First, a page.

Last year was the one in which it became plain for everyone to see that transport had turned from being the grey sheep to the black sheep in Europe and the world’s efforts to improve the environment.
Further decarbonisation of transport through a shift to alternative fuels and electro-mobility forms a major part of the European Commission’s strategy for an ‘energy union’, unveiled last week. With transport being responsible for more than 30% of EU energy consumption and a quarter of emissions, the Commission said legislation on ‘decarbonising the transport sector, including an action plan on alternative fuels’ would be put forward in 2017.
EU heads of state today agreed three modest climate and green energy targets for 2030 , which lack the ambition needed to put Europe on track to meet its own 2050 climate commitments  and will not do enough to cut dependence on fossil fuels. Sustainable transport group Transport & Environment (T&E) says that now targets have been agreed, all eyes should turn towards implementation: the means and policies to achieve these 2030 targets can still make a big difference for the climate and the transition to a low-carbon economy where transport is crucial.
Transport & Environment's reaction to the Parliament hearing for Commissioner-designate for Climate Action and Energy, Miguel Arias Cañete.
Despite three-hours of grilling by MEPs of the Commissioner-designate for Climate Action and Energy, Miguel Arias Cañete failed to explain how there is no conflict of interest with his brother-in-law Miguel Domecq Solís being a director of two oil companies.
Transport & Environment's statement ahead of Parliament hearing for Miguel Arias Cañete, Commissioner-designate for Climate Action and Energy. Today at 6pm Miguel Arias Cañete, Commissioner-designate for Climate Action and Energy, will be heard by Members of the European Parliament, amid strong concerns about conflicts of interest.
T&E's reaction to the Parliament's hearing of Commissioner-designate for Transport and Space Maroš ŠefčovičToday’s questioning of Commissioner-designate for Transport and Space revealed Maroš Šefčovič to be a capable and experienced Commissioner with a surprisingly good grasp of his brief.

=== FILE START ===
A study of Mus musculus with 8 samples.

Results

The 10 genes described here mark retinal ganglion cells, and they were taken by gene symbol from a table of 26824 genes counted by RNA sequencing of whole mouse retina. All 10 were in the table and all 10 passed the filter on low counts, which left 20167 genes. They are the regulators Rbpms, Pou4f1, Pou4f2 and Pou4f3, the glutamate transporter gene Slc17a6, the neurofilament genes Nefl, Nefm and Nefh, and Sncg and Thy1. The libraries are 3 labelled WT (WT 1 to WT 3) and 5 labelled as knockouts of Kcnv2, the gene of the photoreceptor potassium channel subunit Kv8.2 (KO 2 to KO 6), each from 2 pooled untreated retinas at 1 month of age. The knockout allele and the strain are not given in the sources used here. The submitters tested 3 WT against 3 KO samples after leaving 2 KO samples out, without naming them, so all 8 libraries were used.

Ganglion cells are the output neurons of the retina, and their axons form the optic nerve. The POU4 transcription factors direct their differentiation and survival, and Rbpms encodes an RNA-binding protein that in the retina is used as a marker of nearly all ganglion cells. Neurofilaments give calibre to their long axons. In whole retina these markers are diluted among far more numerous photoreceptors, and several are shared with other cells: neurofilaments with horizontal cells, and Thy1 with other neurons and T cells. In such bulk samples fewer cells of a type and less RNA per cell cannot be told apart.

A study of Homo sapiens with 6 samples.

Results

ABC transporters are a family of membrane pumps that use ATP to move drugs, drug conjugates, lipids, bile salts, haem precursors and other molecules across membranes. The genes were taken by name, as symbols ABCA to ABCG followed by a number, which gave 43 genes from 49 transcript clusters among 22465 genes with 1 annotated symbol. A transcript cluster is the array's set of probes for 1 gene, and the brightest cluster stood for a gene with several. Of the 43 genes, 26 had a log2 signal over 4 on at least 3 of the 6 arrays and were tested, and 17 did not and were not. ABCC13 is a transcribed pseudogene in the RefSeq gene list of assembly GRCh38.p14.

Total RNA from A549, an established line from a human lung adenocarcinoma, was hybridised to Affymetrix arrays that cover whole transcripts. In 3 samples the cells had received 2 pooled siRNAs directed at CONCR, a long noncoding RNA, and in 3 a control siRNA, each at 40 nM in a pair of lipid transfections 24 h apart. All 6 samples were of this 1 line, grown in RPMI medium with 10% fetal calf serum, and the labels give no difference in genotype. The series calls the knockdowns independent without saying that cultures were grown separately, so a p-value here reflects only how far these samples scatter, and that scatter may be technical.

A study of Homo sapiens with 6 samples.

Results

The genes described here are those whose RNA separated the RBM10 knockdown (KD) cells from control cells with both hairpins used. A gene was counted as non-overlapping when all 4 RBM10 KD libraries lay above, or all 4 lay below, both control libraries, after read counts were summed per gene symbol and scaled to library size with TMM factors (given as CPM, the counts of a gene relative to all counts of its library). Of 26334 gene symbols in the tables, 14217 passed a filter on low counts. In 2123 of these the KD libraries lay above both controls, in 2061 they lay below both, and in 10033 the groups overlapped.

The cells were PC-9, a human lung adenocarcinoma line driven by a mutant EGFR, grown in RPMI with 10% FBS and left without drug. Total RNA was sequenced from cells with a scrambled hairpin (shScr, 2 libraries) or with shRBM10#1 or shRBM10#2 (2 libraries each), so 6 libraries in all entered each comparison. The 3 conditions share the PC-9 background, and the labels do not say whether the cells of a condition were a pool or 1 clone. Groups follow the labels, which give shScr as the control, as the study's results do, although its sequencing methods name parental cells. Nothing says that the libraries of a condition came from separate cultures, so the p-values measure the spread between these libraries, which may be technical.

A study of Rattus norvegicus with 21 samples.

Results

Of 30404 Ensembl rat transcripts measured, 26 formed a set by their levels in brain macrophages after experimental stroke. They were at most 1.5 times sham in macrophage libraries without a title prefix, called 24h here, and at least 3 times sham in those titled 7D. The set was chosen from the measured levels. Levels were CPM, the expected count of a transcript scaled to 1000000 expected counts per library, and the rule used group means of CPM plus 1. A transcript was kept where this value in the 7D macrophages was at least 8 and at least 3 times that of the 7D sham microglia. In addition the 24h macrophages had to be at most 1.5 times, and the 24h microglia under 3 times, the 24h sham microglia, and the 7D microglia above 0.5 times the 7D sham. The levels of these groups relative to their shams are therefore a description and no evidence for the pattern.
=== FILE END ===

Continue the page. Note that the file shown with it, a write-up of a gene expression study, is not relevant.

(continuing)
The latest United Nations Intergovernmental Panel on Climate Change (IPCC) report published today alerts global leaders to the growing threat of uncontrolled transport emissions. The UN's climate panel says that transport is set to become the world’s biggest source of CO2 emissions unless lawmakers take strong action now. The report states: “Without aggressive and sustained policies (to cut CO2 from cars and trucks), transport emissions could increase at a faster rate than emissions from any other sector.”
Global headlines are being dominated by events in Crimea, and how the West is dealing or ought to deal with it. All this geopolitics seems of terribly remote interest for the issues that concern us, humble environmentalists. But is it?
The EU trade commissioner Karel de Gucht has ordered a public consultation on a legal clause in the emerging EU-US trade agreement that campaigners say could undermine environmental and consumer protection. The legal provision, known as ‘investor-state dispute settlement’, would give companies the right to take legal action against governments if they feel their investment potential or profits are being hindered by regulatory or policy changes at national level. What’s more, such disputes would be judged by special panels made up of people acceptable to business interests, and bypass national laws.
Yes, this editorial has an unlikely title. If you have been following us, or the issues we work on, a little bit, the overwhelming impression is that things have been scaled back (emissions-trading aviation), postponed (the Fuel Quality Directive, possibly NOx from ship engines, truck CO2 emissions) and watered down (CO2 from cars, biofuels).